Sudanese Unicef Deputy Executive Director appointed

United Nations Secretary-General António Guterres appointed Hannan Sulieman of Sudan to serve as the Deputy Executive Director for the United Nations Children’s Fund (Unicef) yesterday.

United Nations Secretary-General António Guterres appointed Hannan Sulieman of Sudan to serve as the Assistant Secretary-General and Deputy Executive Director, Management for the United Nations Children’s Fund (Unicef) yesterday.

Sulieman’s career with Unicef spans over 27 years, serving since February 2019 as Acting Deputy Executive Director, Management where “her expertise in management, operations, and policy have ensured optimal performance of several Unicef divisions”.  She previously served as Chief of Staff and Director of the Office of the Executive Director (2016-2019).

Prior to her roles at the organisation’s Headquarters, Sulieman "served in Unicef regional and country offices and held Deputy Representative positions in Egypt and Somalia where she provided direction for programme planning and implementation to achieve country programme objectives. In this capacity, she oversaw Unicef’s programme response to the Somalia famine in 2011," according to Unicef.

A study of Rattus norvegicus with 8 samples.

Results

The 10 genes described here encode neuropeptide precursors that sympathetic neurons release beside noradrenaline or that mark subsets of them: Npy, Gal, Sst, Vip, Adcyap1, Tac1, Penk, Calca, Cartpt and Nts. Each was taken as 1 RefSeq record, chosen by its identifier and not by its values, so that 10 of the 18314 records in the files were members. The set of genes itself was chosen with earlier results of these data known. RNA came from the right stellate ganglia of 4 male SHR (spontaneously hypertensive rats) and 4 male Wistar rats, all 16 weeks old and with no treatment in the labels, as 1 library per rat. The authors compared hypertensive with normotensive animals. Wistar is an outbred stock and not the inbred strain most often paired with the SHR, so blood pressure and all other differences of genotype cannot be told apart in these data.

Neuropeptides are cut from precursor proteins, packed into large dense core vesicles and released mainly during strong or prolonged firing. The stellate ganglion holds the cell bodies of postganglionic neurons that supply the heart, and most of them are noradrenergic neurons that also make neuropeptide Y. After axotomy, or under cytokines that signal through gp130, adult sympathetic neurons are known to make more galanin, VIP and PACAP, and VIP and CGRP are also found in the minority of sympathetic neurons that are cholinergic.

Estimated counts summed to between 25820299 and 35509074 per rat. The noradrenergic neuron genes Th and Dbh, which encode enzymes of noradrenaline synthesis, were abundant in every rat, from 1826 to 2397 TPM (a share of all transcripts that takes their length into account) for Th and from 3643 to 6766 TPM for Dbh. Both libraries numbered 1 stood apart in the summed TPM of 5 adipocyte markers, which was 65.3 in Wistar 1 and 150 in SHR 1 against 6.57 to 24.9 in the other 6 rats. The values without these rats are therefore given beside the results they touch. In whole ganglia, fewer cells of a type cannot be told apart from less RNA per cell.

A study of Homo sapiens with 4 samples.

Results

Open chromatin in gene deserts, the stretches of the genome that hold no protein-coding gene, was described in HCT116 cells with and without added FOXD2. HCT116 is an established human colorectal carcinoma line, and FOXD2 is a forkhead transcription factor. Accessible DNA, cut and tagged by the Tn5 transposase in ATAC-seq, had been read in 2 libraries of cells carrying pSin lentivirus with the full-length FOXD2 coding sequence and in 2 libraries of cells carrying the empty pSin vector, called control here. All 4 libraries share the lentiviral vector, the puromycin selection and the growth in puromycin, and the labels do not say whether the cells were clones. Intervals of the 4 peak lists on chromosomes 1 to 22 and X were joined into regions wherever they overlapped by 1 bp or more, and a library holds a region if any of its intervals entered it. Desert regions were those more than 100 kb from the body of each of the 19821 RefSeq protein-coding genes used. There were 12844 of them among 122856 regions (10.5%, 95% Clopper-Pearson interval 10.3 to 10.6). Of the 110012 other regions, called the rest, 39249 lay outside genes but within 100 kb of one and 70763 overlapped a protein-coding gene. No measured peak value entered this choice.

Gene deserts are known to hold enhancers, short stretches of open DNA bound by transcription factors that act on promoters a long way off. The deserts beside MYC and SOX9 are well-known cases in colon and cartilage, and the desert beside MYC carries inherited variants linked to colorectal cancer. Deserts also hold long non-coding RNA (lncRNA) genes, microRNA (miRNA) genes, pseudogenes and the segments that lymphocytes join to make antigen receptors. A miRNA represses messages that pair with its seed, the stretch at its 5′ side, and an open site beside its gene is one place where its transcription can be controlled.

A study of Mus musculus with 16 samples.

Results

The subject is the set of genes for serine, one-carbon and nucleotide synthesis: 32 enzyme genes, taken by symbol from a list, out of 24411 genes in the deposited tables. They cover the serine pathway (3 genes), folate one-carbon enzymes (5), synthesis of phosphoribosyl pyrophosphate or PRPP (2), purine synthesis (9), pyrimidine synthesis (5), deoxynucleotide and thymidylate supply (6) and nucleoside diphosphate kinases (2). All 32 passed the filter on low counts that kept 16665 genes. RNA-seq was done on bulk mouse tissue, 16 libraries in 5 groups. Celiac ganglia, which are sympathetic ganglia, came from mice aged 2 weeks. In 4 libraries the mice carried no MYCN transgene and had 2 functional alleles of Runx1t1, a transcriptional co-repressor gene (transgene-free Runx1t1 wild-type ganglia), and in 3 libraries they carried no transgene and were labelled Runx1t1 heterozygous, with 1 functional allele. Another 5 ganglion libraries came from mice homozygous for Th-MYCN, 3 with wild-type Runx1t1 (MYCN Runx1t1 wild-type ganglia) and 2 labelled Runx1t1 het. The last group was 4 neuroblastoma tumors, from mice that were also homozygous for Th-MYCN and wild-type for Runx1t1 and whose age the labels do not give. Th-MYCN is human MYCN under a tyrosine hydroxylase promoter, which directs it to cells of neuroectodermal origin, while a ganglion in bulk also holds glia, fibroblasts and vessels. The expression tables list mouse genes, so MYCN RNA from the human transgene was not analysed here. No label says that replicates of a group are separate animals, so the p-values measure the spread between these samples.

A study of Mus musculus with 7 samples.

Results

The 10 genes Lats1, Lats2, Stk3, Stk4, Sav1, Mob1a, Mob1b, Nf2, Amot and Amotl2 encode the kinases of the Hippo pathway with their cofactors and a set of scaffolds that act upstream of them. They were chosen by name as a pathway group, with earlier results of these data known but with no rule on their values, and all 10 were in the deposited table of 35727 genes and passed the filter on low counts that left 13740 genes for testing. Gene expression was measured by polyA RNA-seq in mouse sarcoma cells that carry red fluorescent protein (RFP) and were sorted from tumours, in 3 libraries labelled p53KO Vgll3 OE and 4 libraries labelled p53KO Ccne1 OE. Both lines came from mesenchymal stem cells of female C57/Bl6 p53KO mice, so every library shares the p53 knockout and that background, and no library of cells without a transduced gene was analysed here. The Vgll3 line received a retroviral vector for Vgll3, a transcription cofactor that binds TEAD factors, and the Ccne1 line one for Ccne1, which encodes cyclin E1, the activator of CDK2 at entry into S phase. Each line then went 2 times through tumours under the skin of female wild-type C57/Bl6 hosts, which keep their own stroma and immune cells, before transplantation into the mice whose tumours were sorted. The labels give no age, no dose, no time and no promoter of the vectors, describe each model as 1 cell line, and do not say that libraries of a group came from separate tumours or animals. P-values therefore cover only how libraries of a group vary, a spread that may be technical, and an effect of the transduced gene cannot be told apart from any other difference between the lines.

Sulieman also previously served in the office of Relief, Recovery and Reconstruction of the United Nations Assistance Mission in Afghanistan (Unama), and started her career in her home country, Sudan, in the areas of gender and education.

In 2017, Unicef set out a new strategic plan in Sudan for 2018 to 2021, with an estimated budget of US$2.5 million aimed at child survival and development, education and learning, child protection, policy, evidence and social protection, and programme effectiveness.

In April this year, Unicef welcomed a landmark move by the Sudanese transitional government to criminalise female genital mutilation (FGM). The amendment to the Criminal Law Article 141 was endorsed by both the Sovereign and Ministerial Councils on April 22. Unicef stated in a press statement: “This comes following years of persistent and forceful advocacy by all stake holders; the NCCW, women and child advocates, donors including UK aid and the Swedish government, UN agencies, international and national organizations, community-based organizations and community members, especially those who came together and publicly declared to join the ‘Saleema’ movement.”

Aid package

On June 23, an EU shipment of 11 tons of medical aid items arrived at Khartoum International Airport, accompanied by a medical aid team of 35 people.

This second EU Humanitarian Air Bridge flight includes personal protective equipment (PPE) and medical equipment for medical staff and volunteers, in addition to medicines for the Sudanese Red Crescent, the World Health Organisation, Unicef, and other organisations which prioritise vulnerable people, including displaced people and others affected by armed conflicts in the country.